NBC’s Today Show Examines Workplace Bullying

Yesterday’s NBC Today Show did a nice segment on workplace bullying.  Here’s the link, via the Workplace Bullying Institute website: http://www.workplacebullying.org/2009/07/14/today/.

Note the website comments, rightly taking issue with the NBC work expert’s assessment that “standing up” to a bully at work is the way to respond.  Although that may work on occasion, in many instances it backfires, only enraging the bully more and triggering an escalation of the abusive conduct.

[Note: Readers looking for a post on the Today Show’s segment covering the July 30, 2010 suicide of Virginia literary journal editor Kevin Morrissey, reportedly due to workplace bullying, may go here.]

6 responses

  1. I’m confused. The website you linked to seems to be saying that people dealing with abusive bosses should NOT try to proactively affect change on their own. Isn’t it important to determine what your own personal situation is? How do you know if your boss is intent on psychologically harassing you or merely an uninformed/insensitive/poor manager unless you go through the proactive ‘steps’ of making the situation better? Even Matt Lauer pointed out that victims should document everything in case the situation is more than standing up to normal office politics can remedy. I personally have paid severe financial and physical damages due to standing up — but I also know of many situations in which standing up to the boss was all that was needed.

    • Frank, the comment on the Workplace Bullying Institute website was aptly saying that standing up to the bully may not be the solution, and I agree. NBC’s “expert” mistakenly believes that there’s a one-size-fits-all response to workplace bullying, but there isn’t. Document everything, yes, but how someone takes it from there depends on a whole range of circumstances too varied to summarize here. Sometimes standing up to the bully works; other times, it backfires horribly. If you’re dealing with a serial bully boss who has the backing of his/her superiors, it’s usually not a wise strategy.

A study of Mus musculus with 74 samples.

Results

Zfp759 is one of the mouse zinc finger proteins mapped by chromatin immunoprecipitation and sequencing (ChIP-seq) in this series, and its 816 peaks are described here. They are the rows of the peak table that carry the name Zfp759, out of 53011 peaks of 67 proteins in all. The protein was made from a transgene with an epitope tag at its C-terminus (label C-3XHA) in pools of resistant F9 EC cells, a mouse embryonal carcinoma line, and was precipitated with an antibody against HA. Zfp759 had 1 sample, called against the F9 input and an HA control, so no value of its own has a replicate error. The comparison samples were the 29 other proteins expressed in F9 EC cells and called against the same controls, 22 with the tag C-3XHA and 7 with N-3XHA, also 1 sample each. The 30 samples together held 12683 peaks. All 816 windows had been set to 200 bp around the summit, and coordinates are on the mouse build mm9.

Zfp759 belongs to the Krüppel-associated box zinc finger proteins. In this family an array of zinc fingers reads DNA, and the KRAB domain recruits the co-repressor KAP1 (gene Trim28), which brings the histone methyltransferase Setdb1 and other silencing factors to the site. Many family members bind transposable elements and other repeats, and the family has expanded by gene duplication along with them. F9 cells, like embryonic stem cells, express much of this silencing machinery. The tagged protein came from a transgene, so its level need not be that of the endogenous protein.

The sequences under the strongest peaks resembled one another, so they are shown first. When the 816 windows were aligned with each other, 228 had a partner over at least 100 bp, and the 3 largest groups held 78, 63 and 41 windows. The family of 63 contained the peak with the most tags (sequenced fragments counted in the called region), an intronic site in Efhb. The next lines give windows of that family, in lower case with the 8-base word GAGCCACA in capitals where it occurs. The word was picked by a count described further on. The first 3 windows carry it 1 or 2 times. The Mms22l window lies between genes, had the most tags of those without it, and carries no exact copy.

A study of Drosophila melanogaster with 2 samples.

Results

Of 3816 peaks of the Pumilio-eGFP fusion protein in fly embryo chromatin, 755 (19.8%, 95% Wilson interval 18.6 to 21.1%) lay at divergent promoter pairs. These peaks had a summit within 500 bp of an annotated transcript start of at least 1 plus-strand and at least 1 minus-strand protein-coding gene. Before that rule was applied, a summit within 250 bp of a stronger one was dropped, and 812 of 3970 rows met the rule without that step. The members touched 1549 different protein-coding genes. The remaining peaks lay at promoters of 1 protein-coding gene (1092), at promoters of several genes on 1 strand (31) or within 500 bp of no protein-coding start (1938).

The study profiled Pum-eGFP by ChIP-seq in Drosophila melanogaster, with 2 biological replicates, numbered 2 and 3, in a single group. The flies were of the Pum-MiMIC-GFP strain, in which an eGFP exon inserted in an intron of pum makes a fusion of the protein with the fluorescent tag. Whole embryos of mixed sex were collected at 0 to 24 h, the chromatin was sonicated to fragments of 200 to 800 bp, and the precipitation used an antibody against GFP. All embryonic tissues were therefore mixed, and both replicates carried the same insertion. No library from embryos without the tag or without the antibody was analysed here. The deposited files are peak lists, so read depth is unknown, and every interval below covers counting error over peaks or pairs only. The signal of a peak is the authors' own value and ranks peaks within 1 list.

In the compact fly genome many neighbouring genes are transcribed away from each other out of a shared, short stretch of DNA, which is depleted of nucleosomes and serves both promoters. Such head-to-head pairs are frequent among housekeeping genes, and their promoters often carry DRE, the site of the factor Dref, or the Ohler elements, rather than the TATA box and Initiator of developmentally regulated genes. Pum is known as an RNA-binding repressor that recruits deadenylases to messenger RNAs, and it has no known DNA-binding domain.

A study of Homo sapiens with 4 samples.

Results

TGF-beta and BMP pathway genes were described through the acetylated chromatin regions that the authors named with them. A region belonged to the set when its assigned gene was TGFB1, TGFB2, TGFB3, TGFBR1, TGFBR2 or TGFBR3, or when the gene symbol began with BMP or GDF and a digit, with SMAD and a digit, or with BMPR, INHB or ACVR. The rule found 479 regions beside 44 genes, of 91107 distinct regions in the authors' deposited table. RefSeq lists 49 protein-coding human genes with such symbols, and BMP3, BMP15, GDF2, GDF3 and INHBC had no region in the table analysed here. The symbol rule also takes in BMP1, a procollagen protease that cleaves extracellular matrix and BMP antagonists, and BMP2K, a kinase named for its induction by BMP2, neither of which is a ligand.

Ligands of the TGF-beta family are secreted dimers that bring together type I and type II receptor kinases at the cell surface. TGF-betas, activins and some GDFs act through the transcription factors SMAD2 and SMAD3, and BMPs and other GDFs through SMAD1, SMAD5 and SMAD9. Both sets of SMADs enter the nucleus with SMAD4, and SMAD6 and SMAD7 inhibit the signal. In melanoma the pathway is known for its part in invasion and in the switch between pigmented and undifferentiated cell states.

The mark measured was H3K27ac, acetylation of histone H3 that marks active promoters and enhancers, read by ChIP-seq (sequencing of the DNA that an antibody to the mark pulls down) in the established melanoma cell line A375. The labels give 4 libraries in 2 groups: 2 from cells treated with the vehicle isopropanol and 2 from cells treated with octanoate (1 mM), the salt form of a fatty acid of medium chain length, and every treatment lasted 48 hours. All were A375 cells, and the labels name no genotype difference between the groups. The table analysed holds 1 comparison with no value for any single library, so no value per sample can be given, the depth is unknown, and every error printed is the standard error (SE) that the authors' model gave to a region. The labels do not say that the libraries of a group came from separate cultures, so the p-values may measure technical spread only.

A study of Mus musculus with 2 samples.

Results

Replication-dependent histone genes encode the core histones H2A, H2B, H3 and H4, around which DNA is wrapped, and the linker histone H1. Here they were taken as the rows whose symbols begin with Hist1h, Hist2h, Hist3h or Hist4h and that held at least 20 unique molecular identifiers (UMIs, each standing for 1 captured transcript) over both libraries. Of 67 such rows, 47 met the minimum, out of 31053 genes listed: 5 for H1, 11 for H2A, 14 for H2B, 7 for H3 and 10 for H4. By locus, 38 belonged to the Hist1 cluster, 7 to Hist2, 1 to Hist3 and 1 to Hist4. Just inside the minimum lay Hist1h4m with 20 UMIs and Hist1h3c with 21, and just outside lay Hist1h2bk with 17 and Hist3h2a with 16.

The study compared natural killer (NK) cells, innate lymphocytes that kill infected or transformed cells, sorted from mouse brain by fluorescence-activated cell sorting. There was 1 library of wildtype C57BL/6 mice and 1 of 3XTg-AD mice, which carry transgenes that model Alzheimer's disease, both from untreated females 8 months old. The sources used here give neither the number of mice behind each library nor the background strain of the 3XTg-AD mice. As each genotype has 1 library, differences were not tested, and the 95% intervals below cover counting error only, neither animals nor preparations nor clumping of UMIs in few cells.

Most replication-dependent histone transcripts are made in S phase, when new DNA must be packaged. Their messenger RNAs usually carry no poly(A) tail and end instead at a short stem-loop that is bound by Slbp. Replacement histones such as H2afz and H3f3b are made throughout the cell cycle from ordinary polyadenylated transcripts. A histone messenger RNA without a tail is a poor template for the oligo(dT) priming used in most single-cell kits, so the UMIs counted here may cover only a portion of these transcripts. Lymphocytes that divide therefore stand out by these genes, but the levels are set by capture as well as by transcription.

Especially in the absence of direct legal protections against severe bullying (and you can read posts on this blog that describe our efforts to enact anti-bullying legislation across the country), an individual employee’s response to bullying may depend on a host of variables. That’s not what most people want to hear, but it’s the truth. It’s also why we need a law, to give individual bullying targets some ammunition with which to fight back.

      • Well Lauer clearly says that in the news report. And I for one am glad they brought it to public attention within the 3 or 4 minute time frame they were limited to. The abrasive response of advocates I rely on to represent people like me is disturbing.

      • I share your appreciation for the fact they ran the segment. But I don’t think NBC’s workplace expert really understands how vicious bullying can get. If she did, her response to what you do in these situations would’ve been more nuanced, even within the limitations of a five-minute story.

        Problem is, some folks are going assume that she knows what she’s talking about, and they’re gonna march right into work the next day and confront their tormenter. Sadly, this is not like one of those made-for-TV after school movies where David stands up to Goliath on the playground and comes out triumphant. Some, many, who take that approach at work are going to find the bullying behavior intensifying.

        Unfortunately, this is why the exit strategy — either “voluntary” resignation to save one’s health and sanity, or being forced out — is the most common result.

    • Frank, I’m afraid I can’t turn this setting into one for individual coaching or feedback. As I said, it depends on so many variables, legal, interpersonal, and organizational.